Taking a break from MMOs is often something I wonder about. As a player, I go through phases every few months. Sometimes I play as much as I can. Sometimes I do not go near my computer. Burnout is something every MMO player experiences at one time or another, yet I don't think developers account for this in their game designs. Every developer says, you should take a break from playing MMOs, but in truth they really want you to play. So my column this week is about burnout and down time. When do you get burned out, and what do you do when it happens?
I have stated many times that right now I am playing World of Warcraft. Last night, I ran a successful Trial of the Crusader ten-man raid with my guild. We did well enough and got some good loot out of the deal. Tuesday is always a big raid night. We'll hit Ulduar on Thursday and continue to try and gear up our new raiders. The event was fun and exciting. Yet, tonight I have no desire to log into the game and do anything. Is that because my goal for the week had been accomplished?
MMOs work on a subscription model and a set amount of game content for players. Sure there are holiday events coming up and little things to do to pass the time, but overall you have a predetermined set of content when an MMO goes live. Gamers are goal oriented by nature. No matter what that goal is, we are all achievers. Whether it is exploring, PvPing, or beating huge bosses, we want to achieve something in our game time. If an MMO has a set amount of content then this level of achievement for gamers will eventually come to an end. Games will try to put expansions into effect and give players more to do, but overall when gamers achieve their goals, they start to go elsewhere.
This break down of the achievements in games eventually leads players to burn out. How many times have you heard people say, "I did that already, I am going to take a break." It is during this down time that I think game companies can do a better job in marketing to players. I am not talking about giving them more content to do. That's the easy answer. I am talking about making them a part of the world to keep them interested for when they return to the game. Sure we have seen player statues and housing, but with all of the social networks popping up out there you would think more MMOs would get the hint and get involved.
Players still want to achieve, even after they have turned off their PC. I know some games have rewards and such for recruitment, but what about game rewards for returning after a long break? Welcome back, you have not logged in for six months, the world has changed, and you, hero, are needed! How cool would that type of message be when you rejoin a game? I think it would be awesome. Imagine a quest chain where you save a village. The village says, we're poor but one day we will repay your service. You leave the game for a few months and come back to find the village blacksmith has made you a new axe! As a player if I returned to this type of home coming I would instantly be interested again. You are not asking players to spend hours of time in playing catch up with the rest of the game. You are simply rewarding them for a triumphant return and giving them a reason to play catch up.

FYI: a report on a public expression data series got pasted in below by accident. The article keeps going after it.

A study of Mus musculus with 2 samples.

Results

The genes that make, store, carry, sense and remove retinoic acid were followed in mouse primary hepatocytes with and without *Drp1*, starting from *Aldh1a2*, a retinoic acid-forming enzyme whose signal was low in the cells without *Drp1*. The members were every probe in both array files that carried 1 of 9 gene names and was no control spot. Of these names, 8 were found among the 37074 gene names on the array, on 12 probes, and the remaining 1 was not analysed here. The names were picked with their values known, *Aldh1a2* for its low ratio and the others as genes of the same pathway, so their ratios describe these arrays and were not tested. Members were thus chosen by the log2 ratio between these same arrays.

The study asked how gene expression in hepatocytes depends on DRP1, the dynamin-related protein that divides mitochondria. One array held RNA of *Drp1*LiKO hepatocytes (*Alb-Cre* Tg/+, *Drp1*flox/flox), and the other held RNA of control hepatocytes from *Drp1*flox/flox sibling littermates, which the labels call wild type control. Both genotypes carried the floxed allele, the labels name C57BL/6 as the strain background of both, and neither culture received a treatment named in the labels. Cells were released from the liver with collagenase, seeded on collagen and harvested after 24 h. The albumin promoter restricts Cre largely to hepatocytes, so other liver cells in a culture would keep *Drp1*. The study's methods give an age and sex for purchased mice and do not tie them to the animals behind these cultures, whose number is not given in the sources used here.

Many people, both gamers and developers, say the "hero" factor is missing in MMOs. The example above is a perfect way to get players back after a break and make them feel like their past game play had a purpose. MMOs suffer from always looking forward and never looking back. This drives the goal oriented gamers, but does not give them anything in return for past play. The marketing by game companies in this area needs to be smarter. Someone will read this article and start a promotion to give piece of crap in game items to returning players because they don't want to upset game balance. That is the wrong approach. You have to appeal to what players like. Just handing out rings to players who return is not the answer. Having a personal welcome and a reward of value (even if it is standard for everyone), will make a player feel good about their return.
I guess I got side tracked a little this week. My overall point is that companies should have a better plan for keeping players and allowing them to take time off. With some of the subscription numbers out there in MMOs these days flagging we're getting to the point where, heck companies would almost pay to have subscribers. Instead of begging, write some smart code with some cool quests to appeal to the gamer in all of us. Remember in D&D when you started a new group of characters and they would run into your old characters who were now heroes in the world? That would be such an awesome concept to bring to MMOs. In fact, that will be next week's column: How to Get Players to Make More Alternate Characters! For now, think about player burn out and down time and think about how to give them a reason to return, in a cool way.